San Antonio’s leading Spanish-language radio station could be forced off the air or face fines over a quirky controversy juxtaposing immigrants and green limes.
A recurring segment started five years ago by KROM-Radio “Estéreo Latino” involves people calling in to report sightings of immigration agents in the city. The station’s disc jockeys then alert listeners, particularly undocumented immigrants, to steer clear of the named locations.
No actual mention of federal agents is made—DJs speak of limones verdes, or “green limes,” a euphemistic reference to Border Patrol agents, who traditionally don olive-green uniforms and drive green-lined SUVs.
Curiously enough, the Border Patrol—which maintains an eight-agent office in San Antonio—never complained. There was no public outcry to end the tongue-in-cheek segment. In fact, the reports quickly gained popularity and were even copied by at least one other station.
But since Aug. 1, KROM (92.9 FM) has been operating with an expired license from the Federal Communications Commission. Its license renewal application has been held up, because of the years-long effort of a retired Houston lawyer who, upon learning about the limones verdes report, launched a campaign to get the station off the air.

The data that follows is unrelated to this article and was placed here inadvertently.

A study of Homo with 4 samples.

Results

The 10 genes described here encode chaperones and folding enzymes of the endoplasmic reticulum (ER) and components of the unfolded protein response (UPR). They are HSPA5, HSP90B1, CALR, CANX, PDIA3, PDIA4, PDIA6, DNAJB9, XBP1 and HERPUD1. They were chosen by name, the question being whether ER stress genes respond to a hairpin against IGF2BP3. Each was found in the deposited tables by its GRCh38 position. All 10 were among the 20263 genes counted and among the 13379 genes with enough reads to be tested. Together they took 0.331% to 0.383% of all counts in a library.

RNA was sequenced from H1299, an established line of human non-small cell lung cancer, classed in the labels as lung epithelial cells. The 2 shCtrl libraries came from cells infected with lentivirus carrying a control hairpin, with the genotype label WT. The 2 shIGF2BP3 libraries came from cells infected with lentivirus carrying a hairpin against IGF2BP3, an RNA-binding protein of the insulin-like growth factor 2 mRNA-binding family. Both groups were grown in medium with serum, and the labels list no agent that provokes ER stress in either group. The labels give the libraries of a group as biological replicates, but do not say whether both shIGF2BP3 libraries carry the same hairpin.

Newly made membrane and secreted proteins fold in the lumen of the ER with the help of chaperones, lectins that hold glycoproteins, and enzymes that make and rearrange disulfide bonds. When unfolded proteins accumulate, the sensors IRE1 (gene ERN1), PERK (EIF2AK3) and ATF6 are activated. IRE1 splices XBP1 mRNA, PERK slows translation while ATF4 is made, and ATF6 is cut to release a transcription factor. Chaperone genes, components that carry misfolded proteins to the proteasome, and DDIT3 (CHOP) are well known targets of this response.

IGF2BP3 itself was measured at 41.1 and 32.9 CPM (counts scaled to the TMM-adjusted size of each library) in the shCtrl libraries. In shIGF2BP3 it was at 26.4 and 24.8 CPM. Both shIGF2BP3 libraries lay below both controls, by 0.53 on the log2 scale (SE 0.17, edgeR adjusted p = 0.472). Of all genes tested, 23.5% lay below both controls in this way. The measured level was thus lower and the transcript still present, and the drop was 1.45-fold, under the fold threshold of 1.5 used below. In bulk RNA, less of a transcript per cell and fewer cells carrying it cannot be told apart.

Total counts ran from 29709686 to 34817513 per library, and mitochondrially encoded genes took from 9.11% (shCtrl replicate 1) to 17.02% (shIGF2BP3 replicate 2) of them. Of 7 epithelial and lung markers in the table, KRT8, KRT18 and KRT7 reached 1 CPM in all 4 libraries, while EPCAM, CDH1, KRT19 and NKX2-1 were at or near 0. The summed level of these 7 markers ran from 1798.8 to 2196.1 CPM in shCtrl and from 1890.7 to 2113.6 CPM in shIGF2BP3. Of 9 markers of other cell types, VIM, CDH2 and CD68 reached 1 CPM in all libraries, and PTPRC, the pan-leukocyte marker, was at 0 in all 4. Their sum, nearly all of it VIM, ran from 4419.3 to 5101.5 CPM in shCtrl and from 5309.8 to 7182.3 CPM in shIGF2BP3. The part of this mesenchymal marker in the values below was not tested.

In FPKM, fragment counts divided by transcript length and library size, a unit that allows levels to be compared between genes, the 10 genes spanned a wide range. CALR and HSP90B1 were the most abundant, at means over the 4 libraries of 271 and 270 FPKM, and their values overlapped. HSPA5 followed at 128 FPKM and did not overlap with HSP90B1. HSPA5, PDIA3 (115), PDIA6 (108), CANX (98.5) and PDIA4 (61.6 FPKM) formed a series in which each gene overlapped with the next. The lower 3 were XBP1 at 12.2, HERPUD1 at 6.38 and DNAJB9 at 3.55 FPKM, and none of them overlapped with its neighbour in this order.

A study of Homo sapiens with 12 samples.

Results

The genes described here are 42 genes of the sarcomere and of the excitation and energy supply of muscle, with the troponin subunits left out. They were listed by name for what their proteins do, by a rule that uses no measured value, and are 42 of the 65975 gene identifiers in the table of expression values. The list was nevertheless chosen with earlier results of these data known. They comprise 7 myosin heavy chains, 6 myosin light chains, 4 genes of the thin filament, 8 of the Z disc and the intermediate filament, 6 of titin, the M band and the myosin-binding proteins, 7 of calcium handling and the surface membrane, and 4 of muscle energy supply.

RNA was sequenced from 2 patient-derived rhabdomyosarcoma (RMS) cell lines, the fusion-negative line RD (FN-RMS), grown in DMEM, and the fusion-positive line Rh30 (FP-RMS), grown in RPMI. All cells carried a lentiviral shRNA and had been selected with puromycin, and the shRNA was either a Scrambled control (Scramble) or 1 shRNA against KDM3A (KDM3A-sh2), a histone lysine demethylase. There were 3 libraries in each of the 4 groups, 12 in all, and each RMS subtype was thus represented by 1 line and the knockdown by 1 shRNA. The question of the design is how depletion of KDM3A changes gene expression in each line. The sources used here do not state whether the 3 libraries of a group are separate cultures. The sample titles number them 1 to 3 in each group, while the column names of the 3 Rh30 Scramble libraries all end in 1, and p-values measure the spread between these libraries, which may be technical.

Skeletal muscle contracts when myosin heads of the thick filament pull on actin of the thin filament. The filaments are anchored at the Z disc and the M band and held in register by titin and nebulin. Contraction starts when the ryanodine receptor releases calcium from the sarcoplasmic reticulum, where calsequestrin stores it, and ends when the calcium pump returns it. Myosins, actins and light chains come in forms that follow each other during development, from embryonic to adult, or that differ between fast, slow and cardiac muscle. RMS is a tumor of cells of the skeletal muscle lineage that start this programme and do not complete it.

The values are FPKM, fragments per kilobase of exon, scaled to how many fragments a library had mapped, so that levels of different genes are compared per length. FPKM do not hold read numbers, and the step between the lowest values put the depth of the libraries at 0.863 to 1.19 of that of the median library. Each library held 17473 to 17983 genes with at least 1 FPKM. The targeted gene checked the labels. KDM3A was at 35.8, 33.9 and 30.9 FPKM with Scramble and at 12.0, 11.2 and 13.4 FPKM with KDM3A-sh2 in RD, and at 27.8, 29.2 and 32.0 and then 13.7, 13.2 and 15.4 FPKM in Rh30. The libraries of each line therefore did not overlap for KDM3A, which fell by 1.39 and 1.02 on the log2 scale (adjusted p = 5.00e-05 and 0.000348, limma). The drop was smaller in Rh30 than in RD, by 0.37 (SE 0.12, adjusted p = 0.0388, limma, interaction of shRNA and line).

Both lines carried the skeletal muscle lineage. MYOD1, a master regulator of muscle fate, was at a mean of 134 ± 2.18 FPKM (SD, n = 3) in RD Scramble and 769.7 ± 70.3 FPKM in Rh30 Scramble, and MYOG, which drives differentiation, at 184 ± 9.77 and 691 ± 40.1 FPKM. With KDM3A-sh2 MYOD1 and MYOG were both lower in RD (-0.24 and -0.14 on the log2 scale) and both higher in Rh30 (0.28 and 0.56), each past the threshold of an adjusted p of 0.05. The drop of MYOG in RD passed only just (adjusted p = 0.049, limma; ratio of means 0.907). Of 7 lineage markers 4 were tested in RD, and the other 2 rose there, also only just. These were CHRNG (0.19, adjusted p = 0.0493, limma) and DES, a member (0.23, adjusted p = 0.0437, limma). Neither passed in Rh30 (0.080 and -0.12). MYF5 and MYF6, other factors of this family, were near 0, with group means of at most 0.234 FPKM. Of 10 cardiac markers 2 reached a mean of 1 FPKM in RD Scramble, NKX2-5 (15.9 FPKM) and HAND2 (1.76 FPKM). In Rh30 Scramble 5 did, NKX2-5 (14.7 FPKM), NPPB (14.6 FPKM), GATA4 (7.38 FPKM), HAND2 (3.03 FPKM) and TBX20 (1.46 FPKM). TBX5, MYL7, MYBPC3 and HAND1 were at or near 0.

Stopping in San Antonio in 2000, Joe Ray Blalack read an article in the San Antonio Express-News about KROM’s agent-spotting segment. Fuming over what he interpreted as the station’s obstruction of the work of federal agents, Blalack wrote the FCC, demanding it deny the license renewal.
Since then, the FCC has received 38 additional citizen complaints against the station, all from outside Texas.
The FCC, which regulates the broadcast industry, declined to comment on the case. The station’s renewal application is under review, and there is no timetable for a decision, spokeswoman Rebecca Fisher said.
Blalack also wrote to U.S. Sen. John Cornyn, R-San Antonio, who in turn asked federal agencies to investigate. The San Antonio office of U.S. Immigration and Customs Enforcement determined that the station did not engage in criminal wrongdoing, agency spokeswoman Nina Pruneda said.